The House ethics committee is likely to exonerate five members of the Congressional Black Caucus who were accused of taking an improper trip to the Caribbean, according to sources familiar with the case.
The committee may also renew its complaint that the Office of Congressional Ethics is mishandling investigations.
Sources familiar with the investigation say the ethics committee formally known as the Committee on Standards of Official Conduct has raised concerns that OCE misinterpreted the responsibility of Members of Congress in accepting free travel from nonprofit groups, failed to provide the accused Members with evidence that would have been helpful in their defense and missed its own dead-
lines for processing the complaint.
The objections are similar to those that the ethics committee raised in dismissing a case last week against Rep. Sam Graves (R-Mo.) and would indicate a deep rift between the two bodies tasked with overseeing Congressional ethics. OCE leadership disputed Standards criticism of its handling of the Graves case, saying the panel mischaracterized the OCEs work.
As in the Graves matter, sources suggested that Standards will release the investigative report assembled by the OCE which suggests possible improper conduct by the Members surrounded by a critique explaining why the ethics committee disagrees with the OCEs conclusions and procedures.
Members who are under investigation have apparently already received copies of their files from Standards.
The ethics committee in June announced that it was creating an investigative subcommittee to look into five Members who accepted free travel to an annual event sponsored by the Carib News Foundation Democratic Reps. Charlie Rangel (N.Y.), Bennie Thompson (Miss.), Carolyn Cheeks Kilpatrick (Mich.) and Donald Payne (N.J.) as well as Del. Donna Christensen (Virgin Islands). Standards announced its investigation a few weeks after receiving a referral from the OCE but claimed the committee had already been looking into the matter.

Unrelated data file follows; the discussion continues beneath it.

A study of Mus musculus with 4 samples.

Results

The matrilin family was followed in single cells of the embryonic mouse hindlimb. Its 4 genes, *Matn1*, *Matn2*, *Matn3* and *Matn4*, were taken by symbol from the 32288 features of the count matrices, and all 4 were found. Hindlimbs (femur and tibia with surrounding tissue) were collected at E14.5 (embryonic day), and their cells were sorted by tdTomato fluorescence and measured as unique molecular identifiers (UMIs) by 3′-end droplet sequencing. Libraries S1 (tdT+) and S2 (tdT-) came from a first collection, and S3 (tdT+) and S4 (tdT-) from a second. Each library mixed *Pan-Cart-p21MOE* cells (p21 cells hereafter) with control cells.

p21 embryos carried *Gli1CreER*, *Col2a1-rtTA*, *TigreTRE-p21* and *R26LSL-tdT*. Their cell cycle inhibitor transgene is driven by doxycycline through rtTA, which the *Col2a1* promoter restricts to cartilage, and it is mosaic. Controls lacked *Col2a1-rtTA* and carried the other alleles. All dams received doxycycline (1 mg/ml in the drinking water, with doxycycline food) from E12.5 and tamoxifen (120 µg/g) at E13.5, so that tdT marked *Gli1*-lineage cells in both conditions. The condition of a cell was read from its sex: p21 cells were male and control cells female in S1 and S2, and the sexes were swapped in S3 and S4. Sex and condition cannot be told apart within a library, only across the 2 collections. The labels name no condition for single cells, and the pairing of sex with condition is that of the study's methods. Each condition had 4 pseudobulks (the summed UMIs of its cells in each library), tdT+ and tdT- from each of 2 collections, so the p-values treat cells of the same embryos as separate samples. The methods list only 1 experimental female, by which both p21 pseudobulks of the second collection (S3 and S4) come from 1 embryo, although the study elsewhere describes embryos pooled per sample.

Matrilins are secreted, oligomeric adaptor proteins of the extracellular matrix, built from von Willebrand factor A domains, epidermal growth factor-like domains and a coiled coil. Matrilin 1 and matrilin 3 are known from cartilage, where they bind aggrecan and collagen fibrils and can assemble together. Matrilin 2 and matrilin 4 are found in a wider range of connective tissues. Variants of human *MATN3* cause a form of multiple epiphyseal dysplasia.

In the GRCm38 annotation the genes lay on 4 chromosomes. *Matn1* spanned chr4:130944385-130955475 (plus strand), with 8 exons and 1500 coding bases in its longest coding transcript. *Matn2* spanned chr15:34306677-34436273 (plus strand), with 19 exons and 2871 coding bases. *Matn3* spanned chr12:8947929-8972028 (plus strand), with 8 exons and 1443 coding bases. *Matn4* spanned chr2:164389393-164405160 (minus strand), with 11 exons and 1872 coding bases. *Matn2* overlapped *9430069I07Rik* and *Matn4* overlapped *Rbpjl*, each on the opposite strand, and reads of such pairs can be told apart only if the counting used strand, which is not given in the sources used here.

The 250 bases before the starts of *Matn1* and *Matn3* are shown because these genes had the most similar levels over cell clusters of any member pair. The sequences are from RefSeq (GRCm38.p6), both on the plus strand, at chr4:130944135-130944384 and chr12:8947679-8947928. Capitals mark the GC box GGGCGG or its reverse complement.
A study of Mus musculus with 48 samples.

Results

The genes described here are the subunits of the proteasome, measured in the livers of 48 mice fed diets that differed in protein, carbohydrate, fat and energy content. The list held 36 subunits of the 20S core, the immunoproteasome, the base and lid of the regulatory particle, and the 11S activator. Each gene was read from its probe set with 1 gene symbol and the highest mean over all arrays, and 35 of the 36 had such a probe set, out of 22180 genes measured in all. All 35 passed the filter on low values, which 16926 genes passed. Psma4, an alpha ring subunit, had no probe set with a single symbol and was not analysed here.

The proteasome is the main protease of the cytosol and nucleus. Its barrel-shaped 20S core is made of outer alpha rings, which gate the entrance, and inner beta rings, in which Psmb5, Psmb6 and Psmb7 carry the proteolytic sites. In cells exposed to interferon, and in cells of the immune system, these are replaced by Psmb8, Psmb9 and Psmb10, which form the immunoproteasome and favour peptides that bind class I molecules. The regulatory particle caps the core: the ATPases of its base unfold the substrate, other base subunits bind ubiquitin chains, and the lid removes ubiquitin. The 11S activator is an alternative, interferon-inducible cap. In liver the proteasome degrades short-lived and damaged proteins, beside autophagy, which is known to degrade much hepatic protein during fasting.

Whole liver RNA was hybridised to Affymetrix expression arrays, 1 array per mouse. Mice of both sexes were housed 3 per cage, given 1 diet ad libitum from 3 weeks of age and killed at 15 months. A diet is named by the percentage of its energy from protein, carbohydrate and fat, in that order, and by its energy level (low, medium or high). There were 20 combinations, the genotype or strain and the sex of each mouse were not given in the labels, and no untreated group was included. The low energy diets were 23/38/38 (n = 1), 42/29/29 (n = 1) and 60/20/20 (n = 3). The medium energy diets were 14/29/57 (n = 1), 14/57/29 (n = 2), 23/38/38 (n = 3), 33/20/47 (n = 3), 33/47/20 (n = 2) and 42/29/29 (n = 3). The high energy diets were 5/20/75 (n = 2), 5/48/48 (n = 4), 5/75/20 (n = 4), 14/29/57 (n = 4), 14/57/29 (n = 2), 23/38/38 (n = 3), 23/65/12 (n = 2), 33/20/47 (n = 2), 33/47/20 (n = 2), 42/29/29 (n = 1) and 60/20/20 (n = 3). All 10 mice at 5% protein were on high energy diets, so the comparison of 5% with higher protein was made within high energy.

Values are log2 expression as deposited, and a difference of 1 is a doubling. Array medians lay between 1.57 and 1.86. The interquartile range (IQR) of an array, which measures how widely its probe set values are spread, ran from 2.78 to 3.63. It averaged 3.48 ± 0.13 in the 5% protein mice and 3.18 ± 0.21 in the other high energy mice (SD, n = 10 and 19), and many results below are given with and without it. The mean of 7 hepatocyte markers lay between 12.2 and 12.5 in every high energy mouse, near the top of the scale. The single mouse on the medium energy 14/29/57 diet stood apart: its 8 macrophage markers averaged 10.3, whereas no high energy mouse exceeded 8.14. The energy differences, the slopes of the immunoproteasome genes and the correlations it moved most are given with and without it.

Under House rules, every Member or aide must obtain the ethics committees consent for privately sponsored travel, including a certification from the sponsor that the trip conforms to the chambers rules. Members are not allowed to accept multiple-day travel from private entities that employ lobbyists, but they may accept travel from nonprofits that are supported by private companies.
After each trip, Members and aides are also required to submit a form to the ethics committee certifying the travel, accommodations and activities matched those included in their pre-travel filing. It is unclear whether the ethics panel reviews those post-travel submissions.
The conservative National Legal and Policy Center attended the 2008 Carib News Foundation event in St. Maarten and collected evidence suggesting that the event was sponsored by corporate entities. The center takes credit for filing a complaint with the OCE suggesting that the Members violated Congressional travel rules by going on the trip.
This year, the conference begins today in Jamaica, but the foundation Web site indicates that no Members of Congress are participating. The Web site describes the event as a multinational business conference.
Rep. Elijah Cummings, D-Md., right, hugs Harold Schaitberger, General President of the International Association of Fire Fighters, after the Congressman spoke at the IAFF's Legislative Conference General Session at the Hyatt Regency on Capitol Hill, March 9, 2015. The day featured addresses by members of Congress and Vice President Joe Biden.